Postoperative MRI signal intensity moderately reflects symptomatology and surgical outcomes

WEDNESDAY, July 9 (HealthDay News) -- Postoperative MRI signal intensity does not significantly reflect postoperative symptoms or outcomes, according to an article published in the June issue of the Journal of Neurosurgery: Spine.

Yasutsugu Yukawa, M.D., and colleagues of the Nagoya University School of Medicine in Nagoya, Japan, prospectively enrolled 104 patients with cervical compressive myelopathy who were to undergo a cervical expansive laminoplasty. Patients underwent MRI preoperatively and, on average, 39.7 months postoperatively. Increased signal intensity of the spinal cord was divided into three grades and the severity of myelopathy was evaluated according to the Japanese Orthopedic Association (JOA) score for cervical myelopathy. The authors hypothesized increased MRI signal intensity reflects postoperative severity of symptoms and surgical outcomes.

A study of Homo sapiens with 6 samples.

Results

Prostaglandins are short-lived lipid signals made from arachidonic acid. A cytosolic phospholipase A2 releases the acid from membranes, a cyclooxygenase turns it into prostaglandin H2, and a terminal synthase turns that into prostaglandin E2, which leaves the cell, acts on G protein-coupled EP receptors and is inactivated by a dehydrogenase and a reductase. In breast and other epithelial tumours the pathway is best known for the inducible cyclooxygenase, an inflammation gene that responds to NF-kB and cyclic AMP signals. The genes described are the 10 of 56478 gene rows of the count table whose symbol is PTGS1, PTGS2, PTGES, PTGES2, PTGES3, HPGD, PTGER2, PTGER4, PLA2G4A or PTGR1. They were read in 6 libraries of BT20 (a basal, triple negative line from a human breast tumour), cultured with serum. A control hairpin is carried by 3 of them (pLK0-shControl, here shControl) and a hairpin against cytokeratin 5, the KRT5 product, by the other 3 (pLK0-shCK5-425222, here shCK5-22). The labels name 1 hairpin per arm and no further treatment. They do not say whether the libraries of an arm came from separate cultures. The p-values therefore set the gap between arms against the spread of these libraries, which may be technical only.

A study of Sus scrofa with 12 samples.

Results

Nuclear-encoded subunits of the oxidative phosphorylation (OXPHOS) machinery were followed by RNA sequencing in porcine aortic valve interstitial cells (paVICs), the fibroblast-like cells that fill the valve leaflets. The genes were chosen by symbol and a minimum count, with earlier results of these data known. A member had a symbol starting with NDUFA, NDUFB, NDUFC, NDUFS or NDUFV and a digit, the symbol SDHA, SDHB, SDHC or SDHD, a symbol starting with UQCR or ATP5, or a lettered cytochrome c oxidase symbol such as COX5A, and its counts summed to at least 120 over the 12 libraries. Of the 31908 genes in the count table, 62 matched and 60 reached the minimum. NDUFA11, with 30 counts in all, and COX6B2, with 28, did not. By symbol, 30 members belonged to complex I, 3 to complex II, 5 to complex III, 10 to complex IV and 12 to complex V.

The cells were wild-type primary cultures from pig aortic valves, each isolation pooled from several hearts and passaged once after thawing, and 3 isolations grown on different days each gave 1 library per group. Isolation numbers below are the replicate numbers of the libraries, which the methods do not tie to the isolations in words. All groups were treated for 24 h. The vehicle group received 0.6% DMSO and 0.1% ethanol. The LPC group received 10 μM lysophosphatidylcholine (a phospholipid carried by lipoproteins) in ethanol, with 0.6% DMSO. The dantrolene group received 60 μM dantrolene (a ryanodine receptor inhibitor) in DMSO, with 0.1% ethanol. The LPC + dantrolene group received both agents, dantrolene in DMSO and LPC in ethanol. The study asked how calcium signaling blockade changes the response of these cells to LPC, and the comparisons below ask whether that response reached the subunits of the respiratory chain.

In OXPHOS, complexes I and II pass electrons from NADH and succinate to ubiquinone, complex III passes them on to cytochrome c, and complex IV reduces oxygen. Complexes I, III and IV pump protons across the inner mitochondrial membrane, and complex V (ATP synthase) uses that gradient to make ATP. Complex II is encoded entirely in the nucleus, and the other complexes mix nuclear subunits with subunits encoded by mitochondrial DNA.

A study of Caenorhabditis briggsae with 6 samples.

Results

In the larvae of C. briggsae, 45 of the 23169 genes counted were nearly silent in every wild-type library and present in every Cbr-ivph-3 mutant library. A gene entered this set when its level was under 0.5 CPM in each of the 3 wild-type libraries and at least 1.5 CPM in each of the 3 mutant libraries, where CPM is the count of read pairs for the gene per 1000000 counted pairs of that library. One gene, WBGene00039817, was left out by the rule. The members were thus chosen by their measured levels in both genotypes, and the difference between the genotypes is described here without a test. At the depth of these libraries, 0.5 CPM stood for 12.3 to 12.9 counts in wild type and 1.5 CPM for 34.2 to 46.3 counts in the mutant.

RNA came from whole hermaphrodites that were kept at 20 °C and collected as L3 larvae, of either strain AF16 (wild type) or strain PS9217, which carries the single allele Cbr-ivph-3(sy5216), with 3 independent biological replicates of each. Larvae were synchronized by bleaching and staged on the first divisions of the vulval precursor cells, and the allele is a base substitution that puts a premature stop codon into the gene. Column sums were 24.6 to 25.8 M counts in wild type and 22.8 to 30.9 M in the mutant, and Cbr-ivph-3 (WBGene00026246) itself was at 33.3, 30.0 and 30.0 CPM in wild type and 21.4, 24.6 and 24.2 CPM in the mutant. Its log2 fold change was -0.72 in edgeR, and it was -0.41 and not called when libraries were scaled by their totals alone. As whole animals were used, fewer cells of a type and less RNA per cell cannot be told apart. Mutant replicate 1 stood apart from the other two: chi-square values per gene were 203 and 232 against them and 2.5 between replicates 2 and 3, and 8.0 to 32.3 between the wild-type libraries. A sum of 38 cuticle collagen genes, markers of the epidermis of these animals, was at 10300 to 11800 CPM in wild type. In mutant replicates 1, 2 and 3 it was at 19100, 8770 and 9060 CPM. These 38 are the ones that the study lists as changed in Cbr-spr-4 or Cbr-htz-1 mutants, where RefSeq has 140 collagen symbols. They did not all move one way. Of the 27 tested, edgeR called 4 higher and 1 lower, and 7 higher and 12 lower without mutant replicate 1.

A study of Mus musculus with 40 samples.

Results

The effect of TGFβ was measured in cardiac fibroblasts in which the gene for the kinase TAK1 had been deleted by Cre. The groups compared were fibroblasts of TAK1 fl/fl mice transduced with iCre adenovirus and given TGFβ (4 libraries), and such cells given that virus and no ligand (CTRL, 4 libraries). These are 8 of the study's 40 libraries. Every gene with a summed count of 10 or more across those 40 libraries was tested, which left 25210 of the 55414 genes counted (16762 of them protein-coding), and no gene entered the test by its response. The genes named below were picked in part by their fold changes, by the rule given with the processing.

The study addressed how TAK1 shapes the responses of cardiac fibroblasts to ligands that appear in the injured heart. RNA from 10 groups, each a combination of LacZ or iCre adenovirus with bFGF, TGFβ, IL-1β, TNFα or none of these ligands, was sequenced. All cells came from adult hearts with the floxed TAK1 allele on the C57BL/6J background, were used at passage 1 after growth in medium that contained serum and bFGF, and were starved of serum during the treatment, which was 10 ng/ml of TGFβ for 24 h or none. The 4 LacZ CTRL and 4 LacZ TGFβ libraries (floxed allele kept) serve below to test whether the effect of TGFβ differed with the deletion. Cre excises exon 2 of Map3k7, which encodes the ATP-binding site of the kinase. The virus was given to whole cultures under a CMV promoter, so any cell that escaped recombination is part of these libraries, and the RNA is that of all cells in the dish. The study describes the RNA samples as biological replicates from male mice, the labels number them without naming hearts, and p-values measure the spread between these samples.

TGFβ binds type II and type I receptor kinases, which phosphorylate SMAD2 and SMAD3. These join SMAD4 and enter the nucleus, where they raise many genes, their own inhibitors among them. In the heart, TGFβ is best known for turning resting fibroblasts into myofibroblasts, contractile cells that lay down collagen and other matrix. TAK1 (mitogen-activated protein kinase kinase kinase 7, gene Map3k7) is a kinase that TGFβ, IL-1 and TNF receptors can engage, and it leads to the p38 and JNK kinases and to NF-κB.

Increased MRI signal intensity of the spinal cord was seen in 86 patients (83 percent) preoperatively and 73 patients (70 percent) postoperatively, the researchers report. There was some variability in postoperative JOA scores and recovery rates according to the postoperative classification of increased signal intensity, but the difference was not statistically significant. Increases in signal intensity were noted in 24 patients but these changes were not correlated with worsening outcomes.

"The postoperative increased signal intensity classification reflected postoperative symptomatology and surgical outcomes to some extent, without statistically significant differences. The alteration of increased signal intensity was seen postoperatively in 24 patients (23 percent) and was not correlated with surgical outcome," the authors conclude.